Formed by Giuliano Obici and Alexandre Fenerich in 2007, the duo N Minus One (n-1) explores several processes of sound. N-1 came from sound experimentation, from "gambioluthiery" - creation of craft instruments, adaptations and appropriation of sound materials other than everyday life - and improvisation.
Navigating the terrain of real time image manipulation, the duo brings with it experimentations and experiences from the sonorous to the performance without losing its speculative character. More information: www.n-1.art.br.
Surfing on Turntables is an audio-visual piece for 4 phonographs, 4 video cameras, 4 four discs prepared from Mahler's First Symphony and scenes from the Alfred Hichckok's film The Man Who Knew too Much.
Each disc was prepared with small objects (tapes, buttons, screws, rings, rings) fixed at different positions of vinyl's surface. It results interferences in the recorded material. The musical piece emphasizes the sound peculiarities (texture, rotation, needle friction, noise, grain) characteristics of the different models of portable recorder.
In the live version, the musicians' gestures manipulating the vinyls are captured by cameras on positioned up each turntable. Along with the live images are inserted scenes extracted from the film of Hitchkock, in particular the scene of a murder covered by the orchestral tutti. The piece follows a score that plays with three distinct apices: 1) climax of Hitchkock's film with the shot that would kill the ambassador, 2) climax in the Mahler symphony with the orchestral tutti of the first movement coinciding with the tonal tension and density of the symphonic, and 3) the climax given by the musicians in performance. The piece ends when the three apices merge, then dissolve into a static repeated scene.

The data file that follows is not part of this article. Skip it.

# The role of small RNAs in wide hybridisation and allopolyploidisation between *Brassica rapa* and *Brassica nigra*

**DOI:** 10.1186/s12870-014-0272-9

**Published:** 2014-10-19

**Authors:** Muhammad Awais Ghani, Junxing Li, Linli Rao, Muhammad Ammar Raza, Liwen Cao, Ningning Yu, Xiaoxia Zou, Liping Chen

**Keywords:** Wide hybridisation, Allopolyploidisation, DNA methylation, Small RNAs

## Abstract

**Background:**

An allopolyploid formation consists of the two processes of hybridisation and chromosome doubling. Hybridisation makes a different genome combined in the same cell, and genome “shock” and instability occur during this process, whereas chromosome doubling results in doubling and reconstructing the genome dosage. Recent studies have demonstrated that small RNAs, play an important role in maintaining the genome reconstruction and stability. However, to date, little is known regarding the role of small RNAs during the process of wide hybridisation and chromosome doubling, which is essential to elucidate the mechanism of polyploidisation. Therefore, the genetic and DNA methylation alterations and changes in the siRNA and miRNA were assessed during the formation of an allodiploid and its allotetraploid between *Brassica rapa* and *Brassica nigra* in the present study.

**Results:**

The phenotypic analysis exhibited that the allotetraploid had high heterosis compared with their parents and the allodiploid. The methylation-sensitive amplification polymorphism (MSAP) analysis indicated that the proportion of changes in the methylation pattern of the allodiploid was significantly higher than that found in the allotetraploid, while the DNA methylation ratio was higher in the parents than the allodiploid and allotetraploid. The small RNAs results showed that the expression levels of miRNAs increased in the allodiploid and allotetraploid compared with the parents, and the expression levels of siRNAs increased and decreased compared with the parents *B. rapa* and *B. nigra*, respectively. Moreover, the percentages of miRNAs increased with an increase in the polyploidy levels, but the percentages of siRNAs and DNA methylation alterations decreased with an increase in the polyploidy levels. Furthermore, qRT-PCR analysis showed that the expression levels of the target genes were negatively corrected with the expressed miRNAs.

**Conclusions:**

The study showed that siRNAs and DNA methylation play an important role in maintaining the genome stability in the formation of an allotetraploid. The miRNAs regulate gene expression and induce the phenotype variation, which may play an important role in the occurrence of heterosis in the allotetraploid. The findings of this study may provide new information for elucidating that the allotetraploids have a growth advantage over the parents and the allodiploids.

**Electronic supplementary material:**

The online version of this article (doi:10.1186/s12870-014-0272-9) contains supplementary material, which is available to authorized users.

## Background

Jardim das Gambiarras Chinesas (The Garden of the Chinese Gizmos) spreads itself through the stage revealing a paraphernalia of quasi sound instruments: shards of musical instruments, dismembered domestic appliances (broken record players, distorted radios, home-made synths or cheap electronic musical keyboards ‘prepared’ by circuit banding, computers, type writing machines, selected vinyls, relay machines, short-circuited cables, sound distortions, tin cans, music boxes and static sounds) which are played in loop.
Micro cameras unveil the dance of the objects and the gestures of the musicians. Lilliputian characters of disproportionate sizes appear through the digital zoom: dolls of different orders (plastic animals, playmobils, toy soldiers, aliens and gigantic gallinacea) are incorporated to the set so as to create their own performance.